The northern third of the California coast is home to some of the most important salmon and steelhead rivers and watersheds in the state:
- The Smith River – one of the most wild and pristine rivers in California, a Salmon Stronghold, with significant conservation protections in place.
- Redwood Creek – the heart of Redwood National and State Parks, a watershed experiencing modest recovery from decades of restoration efforts.
- The Mad River – despite the hatchery and Matthews Dam, this river offers abundant opportunities for fishing and restoration.
- The Trinity – one of California’s best-known steelhead rivers, currently on a strong recovery trajectory from the significant investment in state and federal restoration efforts.
- Elk River and Humboldt Bay Tributaries – providing good habitat for a critically important population of coho salmon.
- The Eel River – California’s third largest river (essentially seven rivers linked into one), a natural resource of state-wide importance, with unlimited potential for recovery.
- The Mattole River – a wild and remote river, and always a leader and innovator in community-based approaches to restoration.
Many of these coastal watersheds used to support large populations of fall Chinook and coho salmon, winter and summer steelhead, and coastal cutthroat trout. In addition, there were small populations of chum and pink salmon, and spring Chinook salmon. Pacific lamprey and green sturgeon were also important native species to the North Coast region.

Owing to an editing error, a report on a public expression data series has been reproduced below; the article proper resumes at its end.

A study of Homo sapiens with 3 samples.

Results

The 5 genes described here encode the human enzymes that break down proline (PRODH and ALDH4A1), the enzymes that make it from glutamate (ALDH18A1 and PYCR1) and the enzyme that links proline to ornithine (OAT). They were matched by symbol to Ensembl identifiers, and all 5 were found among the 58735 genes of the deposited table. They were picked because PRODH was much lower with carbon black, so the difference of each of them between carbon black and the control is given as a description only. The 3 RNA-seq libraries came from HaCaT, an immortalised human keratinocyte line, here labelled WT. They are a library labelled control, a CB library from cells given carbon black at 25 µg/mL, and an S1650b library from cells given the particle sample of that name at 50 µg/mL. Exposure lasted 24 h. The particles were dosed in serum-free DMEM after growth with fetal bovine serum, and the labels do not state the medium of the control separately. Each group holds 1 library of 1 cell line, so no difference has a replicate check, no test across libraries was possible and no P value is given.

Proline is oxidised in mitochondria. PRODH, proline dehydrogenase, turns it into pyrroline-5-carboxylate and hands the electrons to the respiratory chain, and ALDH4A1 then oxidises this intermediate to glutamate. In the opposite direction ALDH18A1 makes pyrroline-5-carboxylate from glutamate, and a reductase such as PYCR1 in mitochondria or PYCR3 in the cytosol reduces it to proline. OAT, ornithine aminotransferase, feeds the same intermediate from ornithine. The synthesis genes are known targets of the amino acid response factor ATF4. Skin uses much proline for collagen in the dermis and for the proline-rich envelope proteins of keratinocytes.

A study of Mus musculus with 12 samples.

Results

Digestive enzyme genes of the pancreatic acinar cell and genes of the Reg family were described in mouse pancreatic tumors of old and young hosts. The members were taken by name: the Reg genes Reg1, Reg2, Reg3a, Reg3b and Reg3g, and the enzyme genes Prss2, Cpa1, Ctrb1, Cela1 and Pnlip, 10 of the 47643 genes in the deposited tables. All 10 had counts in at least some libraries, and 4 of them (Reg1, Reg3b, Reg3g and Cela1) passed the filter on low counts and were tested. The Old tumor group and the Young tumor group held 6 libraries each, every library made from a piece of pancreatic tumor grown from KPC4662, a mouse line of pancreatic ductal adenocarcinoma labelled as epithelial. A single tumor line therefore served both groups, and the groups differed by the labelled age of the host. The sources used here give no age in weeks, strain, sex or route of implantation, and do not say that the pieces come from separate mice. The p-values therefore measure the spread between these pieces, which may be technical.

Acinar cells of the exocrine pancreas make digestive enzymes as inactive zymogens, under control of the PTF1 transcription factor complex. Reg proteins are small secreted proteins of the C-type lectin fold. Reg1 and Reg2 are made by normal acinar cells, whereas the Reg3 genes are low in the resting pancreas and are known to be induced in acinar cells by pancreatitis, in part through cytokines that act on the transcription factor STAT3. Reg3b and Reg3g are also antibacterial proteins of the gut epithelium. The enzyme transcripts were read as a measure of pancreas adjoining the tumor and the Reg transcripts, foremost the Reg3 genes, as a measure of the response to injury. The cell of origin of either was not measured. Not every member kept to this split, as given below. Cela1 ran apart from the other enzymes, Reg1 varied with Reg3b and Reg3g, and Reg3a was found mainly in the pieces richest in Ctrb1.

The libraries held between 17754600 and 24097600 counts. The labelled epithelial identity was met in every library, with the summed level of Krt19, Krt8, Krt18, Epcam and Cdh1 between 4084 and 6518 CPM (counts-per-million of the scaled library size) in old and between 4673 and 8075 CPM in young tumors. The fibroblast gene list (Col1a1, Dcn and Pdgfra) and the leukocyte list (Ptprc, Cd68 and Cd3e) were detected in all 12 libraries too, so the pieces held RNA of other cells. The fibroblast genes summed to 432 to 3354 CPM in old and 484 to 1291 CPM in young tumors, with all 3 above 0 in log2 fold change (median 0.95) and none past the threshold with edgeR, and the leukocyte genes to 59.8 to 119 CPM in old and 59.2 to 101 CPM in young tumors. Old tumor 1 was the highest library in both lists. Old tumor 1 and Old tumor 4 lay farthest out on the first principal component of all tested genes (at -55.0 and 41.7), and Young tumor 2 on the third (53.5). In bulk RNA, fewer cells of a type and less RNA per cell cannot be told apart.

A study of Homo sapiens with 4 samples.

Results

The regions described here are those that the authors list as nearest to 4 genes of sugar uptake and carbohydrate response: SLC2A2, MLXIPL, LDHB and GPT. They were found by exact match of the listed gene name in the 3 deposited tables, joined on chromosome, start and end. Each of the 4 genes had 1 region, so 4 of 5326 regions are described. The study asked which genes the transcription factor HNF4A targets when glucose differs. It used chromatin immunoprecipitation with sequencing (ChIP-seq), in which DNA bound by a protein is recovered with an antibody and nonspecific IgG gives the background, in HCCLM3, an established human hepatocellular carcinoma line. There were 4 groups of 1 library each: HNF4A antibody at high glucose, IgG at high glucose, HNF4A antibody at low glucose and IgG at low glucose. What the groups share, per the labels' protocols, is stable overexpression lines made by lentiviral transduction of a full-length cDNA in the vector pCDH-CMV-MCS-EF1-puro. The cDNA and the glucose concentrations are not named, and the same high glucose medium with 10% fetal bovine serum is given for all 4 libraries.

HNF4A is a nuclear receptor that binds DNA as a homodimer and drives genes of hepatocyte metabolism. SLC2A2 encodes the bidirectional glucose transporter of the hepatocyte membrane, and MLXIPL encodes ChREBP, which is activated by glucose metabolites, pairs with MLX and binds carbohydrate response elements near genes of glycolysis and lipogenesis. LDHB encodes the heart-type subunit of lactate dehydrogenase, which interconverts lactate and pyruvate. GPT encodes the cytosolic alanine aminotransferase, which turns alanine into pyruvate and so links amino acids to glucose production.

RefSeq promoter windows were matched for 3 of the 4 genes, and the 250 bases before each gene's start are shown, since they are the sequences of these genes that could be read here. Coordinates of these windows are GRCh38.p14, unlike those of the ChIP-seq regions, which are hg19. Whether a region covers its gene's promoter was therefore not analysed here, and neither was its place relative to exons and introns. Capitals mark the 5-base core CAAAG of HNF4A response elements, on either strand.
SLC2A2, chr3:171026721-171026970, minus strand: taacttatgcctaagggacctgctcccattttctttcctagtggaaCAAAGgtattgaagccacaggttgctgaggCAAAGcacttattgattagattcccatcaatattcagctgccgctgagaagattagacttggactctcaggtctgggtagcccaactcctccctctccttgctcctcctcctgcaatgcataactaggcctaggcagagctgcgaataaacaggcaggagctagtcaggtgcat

These fish populations have seen severe declines in during the past century, resulting from commercial and recreational fish harvests and cannery operations, several periods of large-scale timber harvest, land conversions for agricultural activities, water developments and diversions, rural and urban residential development, and from the introduction of non-native fish species.
The National Marine Fisheries Service (NMFS) has listed Southern Oregon/Northern California Coast (SONCC) coho salmon (1997), California Coastal Chinook salmon (1999), and Northern California steelhead (2000) as threatened under the federal Endangered Species Act. NMFS had prepared a SONCC Coho Salmon Recovery Plan (NMFS 2012) and is currently preparing a similar plan for Chinook salmon and steelhead. The California Fish and Game Commission also listed coho salmon as threatened in 2005
CalTrout is leading recovery efforts at many levels. We identify underlying causes of habitat and population impairments, build programs and develop projects to secure resources, match those resources with project partners, and lead projects to completion. We also help create and sustain funding sources, and advocate for programs we think are most effective for accomplishing our conservation mission.